In 1950 the chain installed a candy “cabinet”, with wings that folded in when shut, a large red Coca Cola cooler that held bottles of Coca Cola, and a counter to warm and serve popcorn. These were all positioned in front of the fireplace, and while the equipment may have changed I think the refreshment area is still in the same place. The candy machine was a thing of the past. The large oval recess in the lobby ceiling originally contained a large oval frosted glass art deco chandelier which cast most of the light up, and less down. There were also lamps around the lobby as well.
Then you went through the first set of doors and as described in previous posts moved toward the lobby doors where you ticket was taken. The lobby was totally art deco in design, furniture, carpeting, lighting. As you came in straight ahead was a faux fire place with a large mirror over it and upholstered arm chairs on either side. As previously noted the lobby dog legged to the right and the lay out is the same. Amazingly the water fountain is still there. In 1949, just to the left of the fountain, was a candy machine, the only refreshment stand in the theater, dispensing five items. This was to change in the next year 1950.
Re: the box office (Vohdin and Solero). This did indeed stand outside the entrance doors where the “M” is in the terrazo now. It was 7 or 8 ft. tall and the facade was wood, probably mahogany.
It was 3' wide, 4' deep, had glass windows on the front and sides (the side windows were partially curtained) and a door on the back.
The booth was heated and contained the ticket and change dispensing equipment, a phone, a buzzer to the manager’s office, an overhead light, and a high backed stool for the cashier. It was indeed a tight fit. You had to pull out the stool, load the ticket magazines, then in went the cashier followed by the stool.
The Manhasset was also used for private screenings of films by entertainment executives who lived in the vicinity. These were usually shown after the last show in the evening. It was also occasionally used for public events and fund raising. I recall one particular fund raiser for the planned North Shore Hospital that featured stars of opera, and stage. Somehow or other they did manage to get a piano in there. The star of the evening was Licia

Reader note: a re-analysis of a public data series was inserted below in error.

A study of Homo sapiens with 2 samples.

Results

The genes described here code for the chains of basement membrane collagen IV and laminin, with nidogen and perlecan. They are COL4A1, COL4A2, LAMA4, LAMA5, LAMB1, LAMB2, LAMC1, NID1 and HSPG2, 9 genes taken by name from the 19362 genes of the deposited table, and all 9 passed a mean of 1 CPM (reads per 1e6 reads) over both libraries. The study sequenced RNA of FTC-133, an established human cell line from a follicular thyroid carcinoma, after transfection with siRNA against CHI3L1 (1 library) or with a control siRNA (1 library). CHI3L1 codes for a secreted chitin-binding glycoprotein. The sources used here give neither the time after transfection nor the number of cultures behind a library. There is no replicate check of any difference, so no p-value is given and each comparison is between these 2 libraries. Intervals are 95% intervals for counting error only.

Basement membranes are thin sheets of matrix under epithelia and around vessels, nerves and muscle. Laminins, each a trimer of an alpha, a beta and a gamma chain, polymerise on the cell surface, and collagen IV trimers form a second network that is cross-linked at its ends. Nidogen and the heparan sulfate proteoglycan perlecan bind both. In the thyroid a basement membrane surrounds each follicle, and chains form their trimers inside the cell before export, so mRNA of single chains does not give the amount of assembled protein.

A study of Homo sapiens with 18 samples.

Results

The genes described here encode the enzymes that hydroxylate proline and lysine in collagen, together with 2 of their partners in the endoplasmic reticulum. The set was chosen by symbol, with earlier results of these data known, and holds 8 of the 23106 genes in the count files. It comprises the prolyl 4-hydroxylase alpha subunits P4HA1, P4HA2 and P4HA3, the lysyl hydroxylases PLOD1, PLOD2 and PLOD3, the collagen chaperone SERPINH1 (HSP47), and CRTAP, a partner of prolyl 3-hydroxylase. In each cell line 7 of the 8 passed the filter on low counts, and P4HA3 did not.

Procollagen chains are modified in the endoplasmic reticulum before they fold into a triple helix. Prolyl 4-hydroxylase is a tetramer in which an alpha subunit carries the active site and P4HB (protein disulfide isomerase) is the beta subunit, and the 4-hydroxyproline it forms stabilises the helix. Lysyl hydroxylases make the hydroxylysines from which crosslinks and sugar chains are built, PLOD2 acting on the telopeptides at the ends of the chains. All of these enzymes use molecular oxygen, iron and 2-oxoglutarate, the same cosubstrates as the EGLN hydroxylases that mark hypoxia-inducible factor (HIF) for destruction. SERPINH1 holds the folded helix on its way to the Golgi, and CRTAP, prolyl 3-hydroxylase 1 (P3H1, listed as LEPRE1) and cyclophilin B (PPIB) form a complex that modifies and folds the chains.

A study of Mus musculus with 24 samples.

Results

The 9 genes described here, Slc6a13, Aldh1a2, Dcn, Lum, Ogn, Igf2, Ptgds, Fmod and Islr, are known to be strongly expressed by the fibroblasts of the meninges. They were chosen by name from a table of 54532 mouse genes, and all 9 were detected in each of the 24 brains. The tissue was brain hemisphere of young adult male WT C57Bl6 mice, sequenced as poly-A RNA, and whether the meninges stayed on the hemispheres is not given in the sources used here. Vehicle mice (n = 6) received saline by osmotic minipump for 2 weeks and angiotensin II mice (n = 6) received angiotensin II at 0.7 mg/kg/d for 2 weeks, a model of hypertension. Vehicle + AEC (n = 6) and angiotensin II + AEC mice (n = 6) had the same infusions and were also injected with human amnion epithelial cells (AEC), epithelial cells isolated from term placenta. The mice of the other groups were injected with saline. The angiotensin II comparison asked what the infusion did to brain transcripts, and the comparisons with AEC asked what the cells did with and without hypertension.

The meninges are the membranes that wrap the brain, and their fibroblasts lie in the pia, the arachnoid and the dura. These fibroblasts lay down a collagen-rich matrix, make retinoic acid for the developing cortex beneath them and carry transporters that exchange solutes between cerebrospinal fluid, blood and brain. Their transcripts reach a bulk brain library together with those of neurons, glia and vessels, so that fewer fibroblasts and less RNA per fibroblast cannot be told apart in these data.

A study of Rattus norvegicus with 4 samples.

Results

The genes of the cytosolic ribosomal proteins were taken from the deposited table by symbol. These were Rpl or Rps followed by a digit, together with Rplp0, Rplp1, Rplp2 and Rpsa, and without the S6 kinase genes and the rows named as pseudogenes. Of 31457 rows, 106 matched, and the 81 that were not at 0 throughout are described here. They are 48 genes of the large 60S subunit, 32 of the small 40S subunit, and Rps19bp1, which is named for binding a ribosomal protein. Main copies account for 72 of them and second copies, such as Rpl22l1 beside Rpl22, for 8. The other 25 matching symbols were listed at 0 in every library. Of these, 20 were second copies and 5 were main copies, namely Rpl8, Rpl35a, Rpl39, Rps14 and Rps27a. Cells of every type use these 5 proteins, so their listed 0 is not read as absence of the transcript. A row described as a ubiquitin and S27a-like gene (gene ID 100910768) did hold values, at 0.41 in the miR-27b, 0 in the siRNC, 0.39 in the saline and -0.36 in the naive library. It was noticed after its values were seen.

Albanese. The manager had every one dressed to the nines-everyone with white gloves. It was a success.
This matinee included a newsreel, cartoon, chapter of a serial, and then a feature suitable for young people. When that ended the regular show started.
I worked at the Manhasset in 1949 and 1950. It was then part of the Skouras chain on Long Island, which included the Beacon in Port Washington and the Playhouse and Squire in Great Neck. However, unlike those theaters the Manhasset was unique for it was a single feature theater, and to my knowledge the only one on the North Shore. Monday through Friday the theater ran one show at 1:00PM,
then closed down, and at 7:00PM reopened and ran two more. Saturday and Sunday it ran continuously from 1:00PM to closing, but during the fall, winter and spring Saturday usually started with a children’s matinee.